Is chelation therapy refunded?

No, as a rule, it is not. In the Netherlands only a couple of insurance companies will refund partially. The companies’ policies may change every year regarding refunding.

Chelation therapy would be bad for the kidneys. You could even die from it. Why is chelation therapy not practiced in hospitals?

Chelation therapy is being used for treating cardiovascular disease for more than 50 years. If the guidelines of IBCMT are followed, health risks and complications are extremely rare, especially compared to invasive procedures with a mortality risk which cannot be ignored. Up to date no patient has died in the care of IBCMT doctors. The total death toll worldwide is not more then ten. Most of these cases occurred in the early days of the treatment, when too high dosages were administered in too short time periods.
If chelation therapy is administered according the rules of engagement, then it is even beneficial for the kidney function. In cases of deteriorating kidney function, an improved circulation will also lead to better kidney perfusion with resulting improvement in kidney functioning.

Chelation therapy is reviled because of a possible competetive influence. Cardiologist and surgeons prefer invasive procedures, the results of which are achieved faster for the short-term. On the long-term results of stenting are less favorable. Chelation therapy on the other hand has its effect on the long-term. By eliminating toxic metals less damage to arteries occurs; enzymes will function better. Repair processes can do their job again. The blood rheology will improve and last but certainly not least: the collateral circulation will improve. This is the reason why patients can exert again without chest pain or claudication.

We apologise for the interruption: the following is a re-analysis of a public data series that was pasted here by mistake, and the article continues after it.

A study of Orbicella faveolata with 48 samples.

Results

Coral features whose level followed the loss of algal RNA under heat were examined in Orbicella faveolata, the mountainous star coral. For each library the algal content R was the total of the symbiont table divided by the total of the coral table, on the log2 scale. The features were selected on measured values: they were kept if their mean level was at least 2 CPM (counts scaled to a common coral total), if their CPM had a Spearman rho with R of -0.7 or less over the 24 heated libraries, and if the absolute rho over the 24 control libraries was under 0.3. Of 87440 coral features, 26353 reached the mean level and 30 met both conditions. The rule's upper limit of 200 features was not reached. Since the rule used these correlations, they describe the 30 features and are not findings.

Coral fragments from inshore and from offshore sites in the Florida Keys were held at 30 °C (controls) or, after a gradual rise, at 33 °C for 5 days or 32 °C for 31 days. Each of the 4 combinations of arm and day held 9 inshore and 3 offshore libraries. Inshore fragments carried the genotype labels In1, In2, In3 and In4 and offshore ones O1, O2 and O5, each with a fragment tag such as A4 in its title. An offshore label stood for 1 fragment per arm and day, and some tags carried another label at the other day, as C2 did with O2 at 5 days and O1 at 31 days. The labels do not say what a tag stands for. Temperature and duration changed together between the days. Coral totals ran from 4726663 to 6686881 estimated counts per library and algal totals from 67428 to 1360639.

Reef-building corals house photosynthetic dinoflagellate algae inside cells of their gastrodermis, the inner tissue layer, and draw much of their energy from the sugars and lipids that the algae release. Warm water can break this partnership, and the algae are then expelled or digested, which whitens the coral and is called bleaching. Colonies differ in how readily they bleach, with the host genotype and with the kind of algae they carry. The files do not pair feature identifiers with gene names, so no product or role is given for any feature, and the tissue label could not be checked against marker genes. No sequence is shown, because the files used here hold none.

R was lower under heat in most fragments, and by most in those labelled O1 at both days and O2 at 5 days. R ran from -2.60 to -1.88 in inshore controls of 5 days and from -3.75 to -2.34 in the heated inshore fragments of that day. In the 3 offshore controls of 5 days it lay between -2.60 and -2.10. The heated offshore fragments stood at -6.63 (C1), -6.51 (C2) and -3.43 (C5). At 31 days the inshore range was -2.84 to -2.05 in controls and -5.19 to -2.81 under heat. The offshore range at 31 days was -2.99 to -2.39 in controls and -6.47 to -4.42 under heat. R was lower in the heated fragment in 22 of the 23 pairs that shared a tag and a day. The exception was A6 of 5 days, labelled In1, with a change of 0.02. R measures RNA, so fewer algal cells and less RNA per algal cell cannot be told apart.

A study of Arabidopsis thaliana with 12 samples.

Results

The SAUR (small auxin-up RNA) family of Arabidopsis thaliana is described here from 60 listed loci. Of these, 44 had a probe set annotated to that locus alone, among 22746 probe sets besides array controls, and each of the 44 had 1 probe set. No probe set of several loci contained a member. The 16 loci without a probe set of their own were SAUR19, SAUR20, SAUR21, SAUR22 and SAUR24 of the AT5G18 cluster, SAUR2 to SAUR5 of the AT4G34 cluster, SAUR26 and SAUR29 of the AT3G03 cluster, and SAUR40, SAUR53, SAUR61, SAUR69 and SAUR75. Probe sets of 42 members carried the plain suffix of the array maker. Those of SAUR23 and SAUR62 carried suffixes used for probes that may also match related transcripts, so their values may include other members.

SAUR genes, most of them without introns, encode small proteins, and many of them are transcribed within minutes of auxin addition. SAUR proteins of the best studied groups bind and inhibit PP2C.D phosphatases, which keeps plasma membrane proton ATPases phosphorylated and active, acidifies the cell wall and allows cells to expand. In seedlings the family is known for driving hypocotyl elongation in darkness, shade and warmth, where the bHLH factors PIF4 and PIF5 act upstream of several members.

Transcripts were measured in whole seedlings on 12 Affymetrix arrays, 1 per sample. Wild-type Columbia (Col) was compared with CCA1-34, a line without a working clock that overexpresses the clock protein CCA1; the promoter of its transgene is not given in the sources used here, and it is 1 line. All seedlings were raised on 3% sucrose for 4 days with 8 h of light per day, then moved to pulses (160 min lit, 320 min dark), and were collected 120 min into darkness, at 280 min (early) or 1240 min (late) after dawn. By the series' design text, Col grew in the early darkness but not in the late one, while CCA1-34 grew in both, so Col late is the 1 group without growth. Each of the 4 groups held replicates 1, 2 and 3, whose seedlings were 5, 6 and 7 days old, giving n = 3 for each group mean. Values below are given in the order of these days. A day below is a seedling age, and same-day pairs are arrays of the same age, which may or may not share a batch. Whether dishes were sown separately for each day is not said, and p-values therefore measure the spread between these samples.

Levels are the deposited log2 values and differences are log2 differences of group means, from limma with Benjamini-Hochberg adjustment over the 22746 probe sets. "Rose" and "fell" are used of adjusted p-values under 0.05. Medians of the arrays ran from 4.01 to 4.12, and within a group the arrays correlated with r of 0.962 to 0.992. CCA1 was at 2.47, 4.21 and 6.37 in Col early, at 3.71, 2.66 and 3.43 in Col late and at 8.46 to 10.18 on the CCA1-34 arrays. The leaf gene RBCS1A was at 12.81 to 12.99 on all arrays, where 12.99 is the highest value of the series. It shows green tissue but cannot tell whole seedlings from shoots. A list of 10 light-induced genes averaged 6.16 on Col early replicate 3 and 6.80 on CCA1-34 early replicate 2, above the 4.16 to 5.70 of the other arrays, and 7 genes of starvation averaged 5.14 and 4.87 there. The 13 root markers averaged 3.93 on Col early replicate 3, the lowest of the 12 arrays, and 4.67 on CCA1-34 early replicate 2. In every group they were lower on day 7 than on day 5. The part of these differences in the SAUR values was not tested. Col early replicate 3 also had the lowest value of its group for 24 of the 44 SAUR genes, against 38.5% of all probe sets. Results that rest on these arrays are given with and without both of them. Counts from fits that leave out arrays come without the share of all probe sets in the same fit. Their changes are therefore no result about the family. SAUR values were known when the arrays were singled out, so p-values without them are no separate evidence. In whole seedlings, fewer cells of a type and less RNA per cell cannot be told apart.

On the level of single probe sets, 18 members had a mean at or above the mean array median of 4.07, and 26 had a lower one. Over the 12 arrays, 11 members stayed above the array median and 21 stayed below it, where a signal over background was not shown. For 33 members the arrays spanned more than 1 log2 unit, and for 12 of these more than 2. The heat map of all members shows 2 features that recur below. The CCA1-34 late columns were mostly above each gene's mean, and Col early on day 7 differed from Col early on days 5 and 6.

Can I stop taking my medications as soon as I start with chelation therapy?

Your medication is crucial for you at the moment; most certainly in case of heart medicines.  
If you would experience a lot of side effects, please let us know, and we will try to find a solution.

I have heard about oral chelation therapy? Is this not more practical?

It would indeed be easier to have chelation therapy orally, but it does not work despite what some companies or physicians claim. EDTA is not absorbed after oral intake. To have a sufficient amount of EDTA absorbed very high quantities are needed, but this will inevitably lead to diarrhea. Nowadays chelation therapy is also offered as suppository. This bypasses oral intake, but has still problems of absorption. Companies claim to have found a solution for that by putting garlic in it as well. Administering EDTA otherwise than intravenously will not have health effects for the cardiovascular system.

Do I need permission of my specialists to start chelation therapy?

It is your choice. We advice patients to inform their specialists. Normally, we will do this for you. We inform about our findings and ask for theirs as well, but only after your approval.

Through a Informed Consent you give us permission to treat you.
You have the right to discontinue the treatment at any given time without any reason.